A New Type of Major Power Relations on North Korea

Sep 19 , 2013

Earlier this year it appeared to some that US and Chinese approaches to North Korea were converging.  More recently, however, the gap between Beijing and Washington in their policies toward Pyongyang is widening.  The absence of effective coordination between the US and China will undoubtedly work to North Korea’s advantage.  In addition, if cooperation on North Korea between the US and China unravels, it will have a negative impact on their efforts to build a new type of major power relationship.

After Pyongyang conducted its third nuclear test in February, the Chinese government took unprecedented measures to implement U.N. sanctions against North Korea.  Among the most prominent steps, the state-run bank of China halted business with North Korea’s main foreign exchange bank.  In addition, the central government instructed local governments to implement U.N. Resolution 2094, which led to more rigorous inspections of North Korea-bound cargo.

When Presidents Obama and Xi Jinping met at Sunnylands, they agreed to work together to deepen cooperation and dialogue to achieve denuclearization.  In his readout of the meeting to the press, then National Security Advisor Tom Donilon stated that the two leaders had “quite a bit of alignment on the North Korean issue.”  He characterized the two nations’ shared approach as “continuing to apply pressure both to halt North Korea’s ability to proliferate and to make clear that its continued pursuit of nuclear weapons is incompatible with its economic development goals.”

Since then, however, US and Chinese policy approaches have increasingly diverged.  Beijing’s focus is on promoting dialogue—resuming the six party talks—as a pathway to a solution to the North Korean nuclear issue.  From the perspective of the United States, along with Japan and South Korea, however, it is premature to discuss reconvening the six party talks because North Korea has not reaffirmed its commitments made in the agreements reached during prior rounds of the six party talks; it has not abided by the UN Security Council’s resolutions; and it has not demonstrated sincerity to give up its nuclear weapons.  After recent consultations in Seoul, Beijing and Tokyo, Ambassador Glyn Davies, the U.S. Special Representative for North Korea Policy, expressed concern that North Korea seeks to use the six-party talks to gain recognition as a nuclear weapons state, which is not an acceptable outcome.

China’s policy seems to have come full circle.  Kim Jong-un’s decision to launch a long-range Unha-3 missile in December 2012 and then conduct a nuclear test in February incensed Chinese leaders, prompting harsh statements and actions designed to signal Beijing’s displeasure.  Yet after several rounds of high-level meetings between Chinese and North Korean officials, the two allies apparently mended fences.  On a visit to Beijing in May as a personal envoy of the North Korean leader, Vice Marshal Choe Ryong-hae indicated that the North was “willing to accept advice from the Chinese side and carry out dialogue with relevant parties.”  He delivered a letter from Kim Jong-un to Xi Jinping expressing the commitment to “appropriately resolve the relevant questions through the six-party talks and other forms” adding that Pyongyang was “willing to take active measures in this regard.”  In July, Chinese Vice President and Politburo Standing Committee Member Li Yuanchao visited Pyongyang.  Kim Jong-un told Li that his country “supports China’s efforts to resume the six-party talks and is willing to make joint efforts with all parties to maintain peace and stability on the Korean Peninsula.”  Although these assurances were not accompanied by any concrete actions, they were enough for China to begin actively pushing for another round of the six-party talks.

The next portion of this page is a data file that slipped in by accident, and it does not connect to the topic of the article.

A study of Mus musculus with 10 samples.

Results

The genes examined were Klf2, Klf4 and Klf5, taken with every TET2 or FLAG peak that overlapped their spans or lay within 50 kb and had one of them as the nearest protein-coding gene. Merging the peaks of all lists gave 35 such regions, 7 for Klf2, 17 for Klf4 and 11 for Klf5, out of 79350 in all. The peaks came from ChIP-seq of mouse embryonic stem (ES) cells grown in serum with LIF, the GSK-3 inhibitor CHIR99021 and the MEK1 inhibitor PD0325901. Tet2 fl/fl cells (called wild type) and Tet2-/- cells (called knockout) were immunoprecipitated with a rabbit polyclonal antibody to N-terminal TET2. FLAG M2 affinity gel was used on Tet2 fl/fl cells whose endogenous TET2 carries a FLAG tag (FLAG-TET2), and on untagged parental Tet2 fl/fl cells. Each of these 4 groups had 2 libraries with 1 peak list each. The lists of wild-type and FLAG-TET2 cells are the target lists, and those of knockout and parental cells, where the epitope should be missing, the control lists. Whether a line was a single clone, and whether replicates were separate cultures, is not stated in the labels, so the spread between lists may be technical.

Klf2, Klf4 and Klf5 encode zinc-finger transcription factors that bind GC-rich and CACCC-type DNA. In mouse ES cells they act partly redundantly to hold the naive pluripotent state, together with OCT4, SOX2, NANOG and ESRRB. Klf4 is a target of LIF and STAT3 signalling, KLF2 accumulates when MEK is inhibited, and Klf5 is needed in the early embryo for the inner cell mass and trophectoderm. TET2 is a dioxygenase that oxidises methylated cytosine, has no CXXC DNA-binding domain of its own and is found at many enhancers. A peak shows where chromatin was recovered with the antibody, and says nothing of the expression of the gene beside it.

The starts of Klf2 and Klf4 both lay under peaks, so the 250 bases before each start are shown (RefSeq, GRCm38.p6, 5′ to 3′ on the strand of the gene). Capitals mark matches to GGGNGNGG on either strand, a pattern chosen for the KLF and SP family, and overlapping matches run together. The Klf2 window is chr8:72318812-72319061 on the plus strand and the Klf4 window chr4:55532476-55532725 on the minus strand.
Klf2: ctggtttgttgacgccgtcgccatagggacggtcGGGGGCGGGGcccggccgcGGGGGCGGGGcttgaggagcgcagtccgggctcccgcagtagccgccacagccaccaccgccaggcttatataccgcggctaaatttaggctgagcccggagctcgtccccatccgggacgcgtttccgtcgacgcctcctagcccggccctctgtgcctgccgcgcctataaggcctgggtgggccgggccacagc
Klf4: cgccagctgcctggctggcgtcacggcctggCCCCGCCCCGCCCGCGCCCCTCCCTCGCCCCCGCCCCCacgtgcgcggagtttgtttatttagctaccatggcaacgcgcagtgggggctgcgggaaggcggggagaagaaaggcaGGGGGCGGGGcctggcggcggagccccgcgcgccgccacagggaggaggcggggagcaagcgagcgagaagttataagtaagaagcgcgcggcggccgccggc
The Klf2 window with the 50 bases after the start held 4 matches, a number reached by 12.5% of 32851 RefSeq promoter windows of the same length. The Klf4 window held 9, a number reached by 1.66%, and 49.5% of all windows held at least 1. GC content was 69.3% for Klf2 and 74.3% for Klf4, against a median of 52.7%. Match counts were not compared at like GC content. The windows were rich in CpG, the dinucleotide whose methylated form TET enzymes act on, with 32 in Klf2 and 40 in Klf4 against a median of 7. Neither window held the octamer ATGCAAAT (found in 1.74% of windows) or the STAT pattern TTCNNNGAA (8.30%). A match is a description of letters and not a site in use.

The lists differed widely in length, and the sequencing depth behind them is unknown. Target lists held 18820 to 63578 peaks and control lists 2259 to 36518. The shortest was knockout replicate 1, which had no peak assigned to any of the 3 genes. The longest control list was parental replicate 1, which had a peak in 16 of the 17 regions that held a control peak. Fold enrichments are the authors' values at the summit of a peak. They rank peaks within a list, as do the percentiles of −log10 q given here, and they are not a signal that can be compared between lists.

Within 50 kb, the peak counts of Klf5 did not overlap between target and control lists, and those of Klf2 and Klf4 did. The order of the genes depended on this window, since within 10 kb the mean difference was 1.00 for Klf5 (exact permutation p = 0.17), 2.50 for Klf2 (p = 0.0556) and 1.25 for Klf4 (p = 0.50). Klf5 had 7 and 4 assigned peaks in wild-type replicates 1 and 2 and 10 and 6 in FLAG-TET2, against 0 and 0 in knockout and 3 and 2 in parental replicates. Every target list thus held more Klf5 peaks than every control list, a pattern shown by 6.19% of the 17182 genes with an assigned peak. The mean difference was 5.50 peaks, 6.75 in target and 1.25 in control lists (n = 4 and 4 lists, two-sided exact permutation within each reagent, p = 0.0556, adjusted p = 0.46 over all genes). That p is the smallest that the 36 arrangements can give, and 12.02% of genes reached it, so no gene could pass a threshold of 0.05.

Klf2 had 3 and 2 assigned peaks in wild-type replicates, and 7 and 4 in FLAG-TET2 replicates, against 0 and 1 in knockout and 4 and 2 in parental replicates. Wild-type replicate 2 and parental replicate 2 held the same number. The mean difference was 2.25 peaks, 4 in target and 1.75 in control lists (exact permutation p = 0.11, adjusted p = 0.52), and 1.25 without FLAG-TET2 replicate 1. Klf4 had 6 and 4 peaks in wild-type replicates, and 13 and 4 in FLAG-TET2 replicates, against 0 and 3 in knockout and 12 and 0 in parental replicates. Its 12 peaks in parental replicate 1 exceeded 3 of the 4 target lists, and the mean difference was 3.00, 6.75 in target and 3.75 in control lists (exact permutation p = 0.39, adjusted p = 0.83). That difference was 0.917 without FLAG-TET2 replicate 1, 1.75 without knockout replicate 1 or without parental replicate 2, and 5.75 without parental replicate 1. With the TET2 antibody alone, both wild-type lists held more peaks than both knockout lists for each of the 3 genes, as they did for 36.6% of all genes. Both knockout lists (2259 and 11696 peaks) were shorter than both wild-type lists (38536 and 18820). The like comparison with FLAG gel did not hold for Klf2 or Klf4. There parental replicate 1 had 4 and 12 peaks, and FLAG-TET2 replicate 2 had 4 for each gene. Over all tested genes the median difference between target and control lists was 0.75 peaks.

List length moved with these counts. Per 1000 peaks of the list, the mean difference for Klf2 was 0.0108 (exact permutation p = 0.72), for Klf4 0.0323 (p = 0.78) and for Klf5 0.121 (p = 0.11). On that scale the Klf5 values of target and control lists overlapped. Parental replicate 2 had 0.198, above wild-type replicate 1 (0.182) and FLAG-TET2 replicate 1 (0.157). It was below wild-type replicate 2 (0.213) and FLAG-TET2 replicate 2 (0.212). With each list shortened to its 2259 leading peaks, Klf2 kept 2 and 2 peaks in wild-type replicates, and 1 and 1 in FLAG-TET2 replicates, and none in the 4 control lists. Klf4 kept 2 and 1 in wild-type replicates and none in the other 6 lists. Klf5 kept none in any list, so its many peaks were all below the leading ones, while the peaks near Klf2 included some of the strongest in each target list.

Evidence of a widening gap between the U.S. and China is growing.  When China’s special representative for Korean Peninsula affairs Wu Dawei met with Glyn Davies in Beijing on September 12, he called on all parties to make greater efforts for the resumption of the six-party talks.  Without consulting Washington, China and North Korea machinated a Track 1.5 meeting for September 18 and announced that Chinese and North Korean nuclear negotiators would attend.  However, the U.S., Japan, and South Korea deemed such a meeting premature.  Although Davies publicly commended Beijing for convening the meeting, Washington was surely peeved at the surprise initiative.  The US had instead hoped for talks among the five nations that are demanding denuclearization—Japan, South Korea, the US, China, and Russia.

At a recent meeting I attended in Shanghai, a leading academic emphasized that although the US and China both seek common goals on the Korean Peninsula, they have different bottom lines.  China’s bottom line is that North Korea not cause problems, while the U.S. bottom line is denuclearization and regime change, he maintained.  In other words, Pyongyang is no longer challenging Beijing’s bottom line because for the time being it has refrained from taking destabilizing actions.  Therefore, there can be a return to business as usual, including resumption of the six-party talks.  Moreover, China remains hopeful that North Korea will implement economic reforms, which is widely viewed by Chinese as the only real means to an eventual decision by Pyongyang to abandon its nuclear weapons.

It appears that we are back to square one.  The US and China both favor a Korean Peninsula free of nuclear weapons, but they support different means to achieve that goal.  The widening gap between China and the United States in policy toward North Korea does not bode well for their efforts to establish a new type of major power relationship.

Bonnie Glaser is Senior Adviser for Asia at the Center for Strategic and International Studies (CSIS).